Just this week, the U.S. Government Accountability Office (“GAO”) released the GAO Bid Protest Annual Report to Congress for Fiscal Year 2014.
Bid Protest Statistics for Fiscal Year 2014
Every fiscal year, the GAO releases data regarding bid protest filings as compared with past years. These statistics often reveal important trends in the number of bid protests filed as well as the resolution of those protests. The statistics for Fiscal Year (“FY”) 2014 are no exception.
The number of cases filed in FY 2014 – including 2,445 bid protests, 50 cost claims, and 66 requests for reconsideration – were up by 5% from FY 2013. But of 556 cases that were decided on their merits, only 72 (or 13%) were sustained. The most prevalent reasons for sustaining protests were: (1) failure to follow evaluation criteria, (2) flawed selection decision, (3) unreasonable technical evaluation, and (4) unequal treatment.
The Report also indicates that ADR was only used in 96 cases despite the rather steady ADR success rate (number of cases resolved without a formal GAO decision) of 80-86% over the past five fiscal years.
Notably, 292 of the 2,458 cases closed in FY 2014 were attributable to the GAO’s bid protest jurisdiction over task orders. Remember that, pursuant to the Federal Acquisition Streamlining Act, the GAO has exclusive jurisdiction over protests of task and delivery orders valued in excess of $10 million.
Effect of Government Shutdown on Bid Protest Activities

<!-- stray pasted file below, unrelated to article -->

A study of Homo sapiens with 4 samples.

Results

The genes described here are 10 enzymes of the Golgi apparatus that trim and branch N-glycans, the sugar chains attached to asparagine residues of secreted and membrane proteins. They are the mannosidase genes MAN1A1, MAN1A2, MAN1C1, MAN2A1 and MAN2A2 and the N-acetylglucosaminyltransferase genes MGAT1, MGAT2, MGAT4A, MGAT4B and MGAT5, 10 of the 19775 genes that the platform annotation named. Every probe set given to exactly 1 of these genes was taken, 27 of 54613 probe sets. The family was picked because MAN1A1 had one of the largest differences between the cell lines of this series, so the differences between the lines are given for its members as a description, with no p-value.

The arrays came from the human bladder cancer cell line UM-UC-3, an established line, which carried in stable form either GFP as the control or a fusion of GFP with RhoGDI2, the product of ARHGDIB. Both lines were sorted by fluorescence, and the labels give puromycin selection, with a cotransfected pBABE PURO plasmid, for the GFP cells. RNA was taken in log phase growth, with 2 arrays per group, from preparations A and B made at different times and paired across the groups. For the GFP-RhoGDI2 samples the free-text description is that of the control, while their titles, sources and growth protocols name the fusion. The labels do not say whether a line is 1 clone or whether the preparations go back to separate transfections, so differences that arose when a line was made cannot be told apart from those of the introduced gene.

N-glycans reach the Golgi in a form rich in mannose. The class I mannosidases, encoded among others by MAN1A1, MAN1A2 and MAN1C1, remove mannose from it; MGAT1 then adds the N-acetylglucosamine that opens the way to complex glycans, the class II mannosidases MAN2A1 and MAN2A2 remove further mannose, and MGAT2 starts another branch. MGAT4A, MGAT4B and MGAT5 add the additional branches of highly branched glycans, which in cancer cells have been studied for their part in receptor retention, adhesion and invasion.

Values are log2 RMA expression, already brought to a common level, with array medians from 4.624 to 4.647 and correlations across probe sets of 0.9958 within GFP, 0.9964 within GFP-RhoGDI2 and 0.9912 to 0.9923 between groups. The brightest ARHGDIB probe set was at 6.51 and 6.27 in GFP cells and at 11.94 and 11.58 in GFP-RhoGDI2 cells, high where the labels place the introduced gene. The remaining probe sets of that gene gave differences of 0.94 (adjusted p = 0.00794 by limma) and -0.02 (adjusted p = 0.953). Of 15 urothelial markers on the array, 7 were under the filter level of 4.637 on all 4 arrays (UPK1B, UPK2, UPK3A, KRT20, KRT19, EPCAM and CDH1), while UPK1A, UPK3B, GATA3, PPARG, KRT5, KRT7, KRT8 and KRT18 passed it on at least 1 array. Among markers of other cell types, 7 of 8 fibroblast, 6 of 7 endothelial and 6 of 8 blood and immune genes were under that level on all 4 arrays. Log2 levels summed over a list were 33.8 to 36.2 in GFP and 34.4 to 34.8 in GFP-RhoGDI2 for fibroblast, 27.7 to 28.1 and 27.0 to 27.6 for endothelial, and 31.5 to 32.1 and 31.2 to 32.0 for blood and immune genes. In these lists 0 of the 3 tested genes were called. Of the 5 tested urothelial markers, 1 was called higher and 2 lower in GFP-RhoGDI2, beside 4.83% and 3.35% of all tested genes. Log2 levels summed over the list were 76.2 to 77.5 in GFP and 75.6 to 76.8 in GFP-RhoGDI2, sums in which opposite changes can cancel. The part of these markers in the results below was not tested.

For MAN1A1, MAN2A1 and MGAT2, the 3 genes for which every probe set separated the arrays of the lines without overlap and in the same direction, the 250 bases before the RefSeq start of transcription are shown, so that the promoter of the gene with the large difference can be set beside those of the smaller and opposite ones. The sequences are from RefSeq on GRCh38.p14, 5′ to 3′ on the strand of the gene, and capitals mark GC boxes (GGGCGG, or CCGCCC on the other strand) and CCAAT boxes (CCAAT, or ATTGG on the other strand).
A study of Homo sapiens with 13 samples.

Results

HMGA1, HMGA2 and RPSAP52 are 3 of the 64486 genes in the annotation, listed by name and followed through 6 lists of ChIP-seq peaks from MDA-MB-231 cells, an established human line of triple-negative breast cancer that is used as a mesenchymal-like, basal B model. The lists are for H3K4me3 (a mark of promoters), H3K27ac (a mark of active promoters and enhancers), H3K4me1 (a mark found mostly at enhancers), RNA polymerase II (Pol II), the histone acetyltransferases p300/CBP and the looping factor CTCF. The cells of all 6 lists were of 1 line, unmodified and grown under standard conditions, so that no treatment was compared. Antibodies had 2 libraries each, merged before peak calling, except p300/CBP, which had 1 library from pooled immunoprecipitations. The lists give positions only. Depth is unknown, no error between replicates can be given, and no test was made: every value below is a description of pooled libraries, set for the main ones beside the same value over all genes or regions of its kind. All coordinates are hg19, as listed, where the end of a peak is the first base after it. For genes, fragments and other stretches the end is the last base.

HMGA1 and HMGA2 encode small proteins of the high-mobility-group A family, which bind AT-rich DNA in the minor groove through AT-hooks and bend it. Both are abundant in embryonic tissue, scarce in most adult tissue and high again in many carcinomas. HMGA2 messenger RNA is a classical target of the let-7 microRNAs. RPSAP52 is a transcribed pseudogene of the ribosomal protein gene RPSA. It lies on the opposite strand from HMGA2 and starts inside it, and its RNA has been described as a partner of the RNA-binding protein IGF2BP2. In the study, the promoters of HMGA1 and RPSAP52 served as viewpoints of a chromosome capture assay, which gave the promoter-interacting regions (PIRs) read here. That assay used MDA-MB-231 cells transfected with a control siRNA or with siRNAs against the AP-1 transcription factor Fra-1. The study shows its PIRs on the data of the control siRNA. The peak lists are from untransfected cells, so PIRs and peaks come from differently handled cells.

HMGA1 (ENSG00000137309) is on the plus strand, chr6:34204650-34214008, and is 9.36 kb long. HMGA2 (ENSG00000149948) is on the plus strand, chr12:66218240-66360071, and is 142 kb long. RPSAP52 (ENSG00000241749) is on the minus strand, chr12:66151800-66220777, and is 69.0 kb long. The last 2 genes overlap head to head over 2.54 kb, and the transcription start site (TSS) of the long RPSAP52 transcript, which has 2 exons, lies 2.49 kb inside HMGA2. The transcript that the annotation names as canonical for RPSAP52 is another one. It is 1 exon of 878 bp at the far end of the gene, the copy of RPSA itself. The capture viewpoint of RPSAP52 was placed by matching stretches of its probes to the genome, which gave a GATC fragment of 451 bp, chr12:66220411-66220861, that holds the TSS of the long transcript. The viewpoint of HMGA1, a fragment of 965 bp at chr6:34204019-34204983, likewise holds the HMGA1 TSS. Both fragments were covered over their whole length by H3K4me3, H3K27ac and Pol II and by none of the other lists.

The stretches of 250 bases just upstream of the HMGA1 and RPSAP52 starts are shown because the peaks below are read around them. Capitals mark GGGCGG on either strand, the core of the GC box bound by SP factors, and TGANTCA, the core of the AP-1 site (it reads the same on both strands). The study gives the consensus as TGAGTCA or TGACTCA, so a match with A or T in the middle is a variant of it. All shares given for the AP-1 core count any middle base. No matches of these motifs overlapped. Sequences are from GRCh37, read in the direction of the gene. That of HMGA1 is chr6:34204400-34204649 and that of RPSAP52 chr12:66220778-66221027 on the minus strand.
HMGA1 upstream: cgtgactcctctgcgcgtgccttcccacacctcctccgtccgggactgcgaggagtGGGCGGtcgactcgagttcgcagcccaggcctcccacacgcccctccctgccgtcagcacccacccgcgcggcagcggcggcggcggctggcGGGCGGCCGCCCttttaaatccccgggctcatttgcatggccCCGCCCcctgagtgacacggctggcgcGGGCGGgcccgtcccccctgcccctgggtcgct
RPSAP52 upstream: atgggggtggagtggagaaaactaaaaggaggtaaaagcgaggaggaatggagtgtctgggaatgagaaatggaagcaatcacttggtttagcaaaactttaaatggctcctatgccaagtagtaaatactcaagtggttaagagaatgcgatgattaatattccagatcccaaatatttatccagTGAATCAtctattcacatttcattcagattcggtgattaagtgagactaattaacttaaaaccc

The Report also discussed another noteworthy topic – the impact of the October 2013 Government Shutdown on bid protest activities. The Government Shutdown was a time of uncertainty for many government contractors. This uncertainty was magnified for contractors seeking to protest a contract award at the GAO, because the GAO – like most federal agencies – had ceased operations during the Shutdown.
Recall that time is always of the essence at the GAO. A post-award protest must be filed within 10 days of the date of award or within five days after a required and requested debriefing, whichever is later, to stay performance of the contract. And the GAO must decide a bid protest within 100 calendar days.
To account for the Government Shutdown, the GAO extended all deadlines by one day for each day that the GAO was shut down. The Report reveals that, despite these extensions, nearly all active cases were decided within 100 calendar days from when they were filed. Only 39 of the 280 active cases were not resolved within the original time frame.
As always, please do not hesitate to reach out for more information regarding the recent GAO Report and the implications of these statistics on a potential bid protest at the GAO.